B. Relative Ellipsis:

Where the omitted word must be supplied from the words actually related to it
and employed in the context itself.

I. Where the omitted word is supplied from a COGNATE word
occurring in the IMMEDIATE CONTEXT.

1. Where the NOUN is suggested by the VERB.

Lev. 4:2 —“If a soul shall sin through ignorance against any of the commandments
of the Lord concerning things which ought not to be done.”

Here the verb “shall sin” supplies the noun “sins,”
i.e., “ concerning sins which ought not to be done.”

The R.V. evades the difficulty by a freer translation.
But the correct supply of the Ellipsis enables us to retain the literal translation.

Num. 11:14 —“I am not able to bear all this people alone, because it is too heavy for me.”

Here the noun is latent in the verb, and is naturally supplied by it thus:—
“I am not able to bear the burden of all this people alone, because it is too heavy for me.” The word “it” does not refer to the People, but to the burden of them.

In verse 17 it is translated fully.

2 Kings 17:14 —“Notwithstanding they would not hear, but hardened their necks,
like to the neck of their fathers,” i.e., like to the hardness of the necks of their fathers.

Psa. 13:3 (4) —“Lighten mine eyes, lest I sleep the death,”
., the sleep of death.

Psa. 76:11 —“Vow, and pay unto the Lord your God,”
i.e., pay your vows.

Psa. 107:41 — “And maketh him families like a flock.”
Lit., maketh like a flock the families.
The two parallel lines are thus completed by supplying the Ellipsis:—
“Yet setteth he the poor on high from (or, after) affliction.
And maketh like a flock the families [of the afflicted].”

Hos. 9:4 —“They shall not offer wine to the Lord,”
i.e., wine offerings. As in A.V.

Gal. 4:24 —“Which things are an allegory: for these [two women] are the two covenants; the one, indeed, from the mount Sinai, which bringeth forth [children]
into bondage, which is Hagar.” The apodosis or conclusion is suspended till verse 26. “But Jerusalem which is above is the free [woman], who is the mother of us all.”
In verse 25, it must be noted that the word “this” is the article τό, which is neuter, while “Hagar” is feminine. Τό, therefore, must agree with some neuter word, which must be supplied, such as ὄνομα (onoma) name:—“For this [name] Hagar is
(or, denotes) Mount Sinai in Arabia.” It is a fact that in Arabia the word Hagar
(which means a stone) is the name for Mount Sinai.

…………2. Where the VERB is to be supplied from the NOUN.

1 Sam. 13:8 — “And he tarried seven days, according to the time that Samuel
[had appointed].”

1 Chron. 17:18 — “What can David speak more to thee for the honour of thy servant?” i.e., the honour put upon thy servant.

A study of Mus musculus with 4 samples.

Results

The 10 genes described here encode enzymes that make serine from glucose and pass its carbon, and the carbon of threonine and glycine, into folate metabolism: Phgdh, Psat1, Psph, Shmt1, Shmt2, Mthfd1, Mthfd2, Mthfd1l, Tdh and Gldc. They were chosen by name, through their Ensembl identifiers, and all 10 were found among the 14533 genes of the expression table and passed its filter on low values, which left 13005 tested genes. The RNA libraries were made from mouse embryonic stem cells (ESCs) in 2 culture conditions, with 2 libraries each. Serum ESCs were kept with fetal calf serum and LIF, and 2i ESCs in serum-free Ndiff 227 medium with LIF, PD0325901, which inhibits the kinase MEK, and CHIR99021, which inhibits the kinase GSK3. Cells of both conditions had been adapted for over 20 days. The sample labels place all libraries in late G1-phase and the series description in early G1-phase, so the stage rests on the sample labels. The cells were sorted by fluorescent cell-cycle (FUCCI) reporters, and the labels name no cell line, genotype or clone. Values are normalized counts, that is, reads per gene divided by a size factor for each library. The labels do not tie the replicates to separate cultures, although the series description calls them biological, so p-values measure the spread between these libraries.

Psa. 94:10 — “He that chastiseth the heathen, shall not he correct?
he that teacheth man knowledge, shall not he know?”

Compare verse 9, where we have similar questions.

Hos. 1:2 — “Go, take thee a wife of whoredoms and children of whoredoms.”

The sense, as we see from verses 3, 6, and 8, must be “and [beget] children,” etc.

Micah 7:3 —“The prince asketh, and the judge asketh for a reward.”

Here the A.V. supplies the Ellipsis by repeating the previous verb.
The R.V. supplies it with the verb “is readyi.e., “the judge is ready for a reward.”

But the verb is latent in the noun (“judge”) and is to be supplied from it, thus: —
“The prince asketh, and the judge judgeth for a reward.” The subject of the former sentence must be supplied from the latter, and then the two lines will read thus: —
……….“The prince asketh for [a reward],
………And the judge [judgeth] for a reward.”

Rom. 12:6-8 —“Having then gifts differing according to the grace given to us,
whether prophecy, let us prophesy according to the proportion of the faith
[given or dealt to us, verse 3].” The verbs must also be supplied in the following exhortations:— “Or ministry, [let us be diligent] in the ministry: or he that teacheth, [let him be faithful] in teaching; or he who exhorteth, [let him employ himself] in exhortation: he who distributeth, [let him distribute] with simplicity; he who presideth, [let him preside] with care; he that showeth mercy, [let him show it] with cheerfulness.”

In the A.V. and R.V., some are supplied and some are not.

Rom. 13:7 —“Render therefore to all their dues; tribute to whom tribute is due, etc.”
Here the verb to be due is latent in the noun dues.

1 Cor. 1:26 —“For ye see your calling, brethren, how that not many wise men after the flesh, not many mighty, not many noble, are called

Here the thought or subject is the “calling” — the act of calling, i.e., not the persons who are called, but the persons who call. The following verses go on to explain the manner in which God calls: viz., by choosing the weak and the base to confound the wise and the mighty. So in like manner He had chosen weak instruments like Paul, Apollos and Cephas to call the saints in Corinth, and to produce such wondrous results, in order “that no flesh should glory in His presence.”

The Ellipsis would in this case be better supplied thus:—
“Not many wise men after the flesh, not many mighty, not many noble call you.”

2 Cor. 5:17 —“Therefore if any man be in Christ, he is a new creature.”

Here the verb substantive is supplied twice, but the verb created must be supplied from the noun “creature”:— “If any man be in Christ, [he is created] a new creature.”
Or else there is only one Ellipsis, and the sentence reads on, thus: “If any man be in Christ a new creation, old things have passed away; behold, all things are become new.”

Eph. 3:16 —“ [Praying] that he would grant you,“from” bowing my knees” in verse 14.

From “Figures Of Speech Used In The Bible” by E. W. Bullinger,
(Public Domain) pages 56-58. Adapted for website compatibility.
original at link.      Stream          Download.